Welcome back! Every now and then I like to take a break in cooking and discover some nice places to eat. I was intrigued when I heard that a new Spanish restaurant had opened in Breda. Since it’s been some time since my last trip to Spain, I was all in.
Yesterday we finally went to El Patio Pintxos y Vinos. When coming there, you have to sneak into the courtyard, the patio. Lovely Spanish music welcomes you. Tables and chairs are aligned for sitting outside. We considered enjoying the late afternoon September sun, but finally picked inside.
Arris, the owner, gave us a very warm welcome and was more than happy to explain us everything. We were quite early, so there were not many people yet.
A journey of wines
First of all, we had to pick a nice wine, before jumping into the pintxo-frenzy. El Patio offers a big variety of wines. From Spanish, French, Italian, German to Californian, South African and Chilean. However, there is more. Apart from the common and well known wines and the varieties from the renowned wine producing countries, you can discover less known wines. For instance, you might know wines from Israel, like a Chardonnay from the Barkan Special Reserve or a Sauvignon Blanc from New Zealand.
But what about a Mavrud from Macedonia or a Moroccan Syrah? You can also discover wines from Croatia, Bulgaria and even a Georgian Tbilvino Saperavi. Arris explained to me that these countries have a very old and rich history of wines, however little is known of them in our world. That is, in fact, true. It is believed that wine production began in Georgia more than 7000 years ago.
There is even some Dutch wine from the region of Zeeland! Its mild climate allows grapes to grow. Therefore there is a tradition of making wines even as far North as the Netherlands. If you have any more questions, just ask Arris. He will be more than happy to take you on enological trip.
So here we are sipping a nice glass of Cabernet Sauvignon “Gallo Carnivor” from California. Time to get serious and check out some of those pintxos.
First things first, what are pintxos? They are the Basque equivalent of the Spanish “pinchos”. The word comes from the Spanish for “to pierce”, “pinchar”. As the name so kindly suggests, there are small snacks pierced with a cocktail stick. Usually it is bite-sized bread with some topping. They come either hot or cold. However, not all pintxos are pinched. And no matter what Spaniards might tell you, you’ll always have to pay for your pintxos.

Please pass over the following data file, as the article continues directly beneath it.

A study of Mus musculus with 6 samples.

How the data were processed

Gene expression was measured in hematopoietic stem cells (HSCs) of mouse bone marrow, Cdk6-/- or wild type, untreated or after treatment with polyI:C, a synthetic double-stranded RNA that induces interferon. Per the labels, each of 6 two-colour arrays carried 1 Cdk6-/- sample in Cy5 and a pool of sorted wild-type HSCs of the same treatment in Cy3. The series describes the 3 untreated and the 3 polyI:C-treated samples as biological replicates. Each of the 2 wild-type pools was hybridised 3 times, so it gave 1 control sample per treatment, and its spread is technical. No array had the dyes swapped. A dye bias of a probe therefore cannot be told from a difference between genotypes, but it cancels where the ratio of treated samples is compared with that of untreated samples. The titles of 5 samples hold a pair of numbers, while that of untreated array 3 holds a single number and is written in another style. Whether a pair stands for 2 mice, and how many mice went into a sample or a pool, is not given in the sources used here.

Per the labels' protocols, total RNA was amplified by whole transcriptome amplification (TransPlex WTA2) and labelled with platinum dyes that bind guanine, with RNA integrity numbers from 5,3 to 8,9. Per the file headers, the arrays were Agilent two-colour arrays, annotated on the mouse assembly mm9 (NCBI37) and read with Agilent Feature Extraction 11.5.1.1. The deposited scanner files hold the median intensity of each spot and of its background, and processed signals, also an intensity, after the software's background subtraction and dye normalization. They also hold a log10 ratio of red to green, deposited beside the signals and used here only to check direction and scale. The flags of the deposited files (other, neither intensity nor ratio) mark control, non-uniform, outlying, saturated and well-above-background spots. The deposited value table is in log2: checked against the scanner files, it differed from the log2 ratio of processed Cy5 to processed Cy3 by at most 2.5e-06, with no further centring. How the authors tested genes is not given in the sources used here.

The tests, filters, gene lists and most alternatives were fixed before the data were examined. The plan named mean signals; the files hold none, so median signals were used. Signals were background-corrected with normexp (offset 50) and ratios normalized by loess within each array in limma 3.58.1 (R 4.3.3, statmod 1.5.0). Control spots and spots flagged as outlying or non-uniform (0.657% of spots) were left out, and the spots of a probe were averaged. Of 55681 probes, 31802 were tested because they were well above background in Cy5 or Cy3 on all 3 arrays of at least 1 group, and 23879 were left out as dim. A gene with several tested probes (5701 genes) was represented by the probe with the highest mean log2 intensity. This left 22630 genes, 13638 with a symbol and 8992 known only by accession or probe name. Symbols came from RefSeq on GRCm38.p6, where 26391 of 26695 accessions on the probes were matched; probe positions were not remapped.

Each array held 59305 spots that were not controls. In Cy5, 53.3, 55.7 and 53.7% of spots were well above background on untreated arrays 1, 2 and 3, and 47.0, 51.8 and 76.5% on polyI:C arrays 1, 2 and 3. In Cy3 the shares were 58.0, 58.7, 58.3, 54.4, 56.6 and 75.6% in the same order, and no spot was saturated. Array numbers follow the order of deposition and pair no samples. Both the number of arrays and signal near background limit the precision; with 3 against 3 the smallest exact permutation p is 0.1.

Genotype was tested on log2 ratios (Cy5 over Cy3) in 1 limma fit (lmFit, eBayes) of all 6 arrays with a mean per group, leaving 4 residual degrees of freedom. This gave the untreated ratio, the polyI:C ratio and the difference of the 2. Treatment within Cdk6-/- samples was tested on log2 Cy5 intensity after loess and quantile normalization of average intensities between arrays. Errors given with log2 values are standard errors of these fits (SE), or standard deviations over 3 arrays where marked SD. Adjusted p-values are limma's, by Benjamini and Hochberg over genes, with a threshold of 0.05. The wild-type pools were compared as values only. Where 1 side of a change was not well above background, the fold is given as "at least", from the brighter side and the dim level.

You gotta catch ’em all
El Patio serves you pintxos both at the counter, where you can choose your favourite, and by passing by the tables and handing you some freshly made delicacies, that you’ll end up taking anyways, even if you had just sworn yourself the one you just had would’ve been the last one. The great thing about pitxos is that you do not order them, you take them.
You’ll get a bucket, where you will be collecting all the sticks, which will be counted in the end. Each stick has a different colour, which defines its price.
Next to the pintxos on the counter, you have a nice Jamón Ibérico that is being cut into thin slices and you dream of simply being able to slowly push every single freshly sliced piece into your mouth.
Well, you are in luck. Just ask for a nice plateau and you will be served some freshly cut Fuet, Jamón, Chorizo with Queso Manchego, Alioli, homemade salsa con tomate and crunchy bread. The tomatoes has just the perfect amount of garlic and worked great with the crunchy bread.
Homemade is the deal
At El Patio most things are homemade. The Pintxos are fresh and made from scratch. So is the water. You do not order it. You just get up and help yourself to some fresh lemon and mint or cucumber and lime water. You can have as much as you like, since it is free! Arris believes water should always be free and I wish more people shared his opinion.
If you are very tough or just brave enough to dare to order some dessert after having eaten your way through all the pintxos and plateaus, you can enjoy some dessert. What about some crema catalana cheesecake or some fresh figs? Unfortunately, my stomach refused to accept any more food, which means I will be forced to go there for a second round..
Now it is time for the bill. El Patio offers a great atmosphere and some lovely food and at a good price. Even if you end up eating a lot, your wallet won’t be screaming out in pain.
On your way out, don’t forget to ask for some homemade limoncello. Arris makes the best chili limoncello, ever! And if that is too hot for you, just go for the soothing version with vanilla.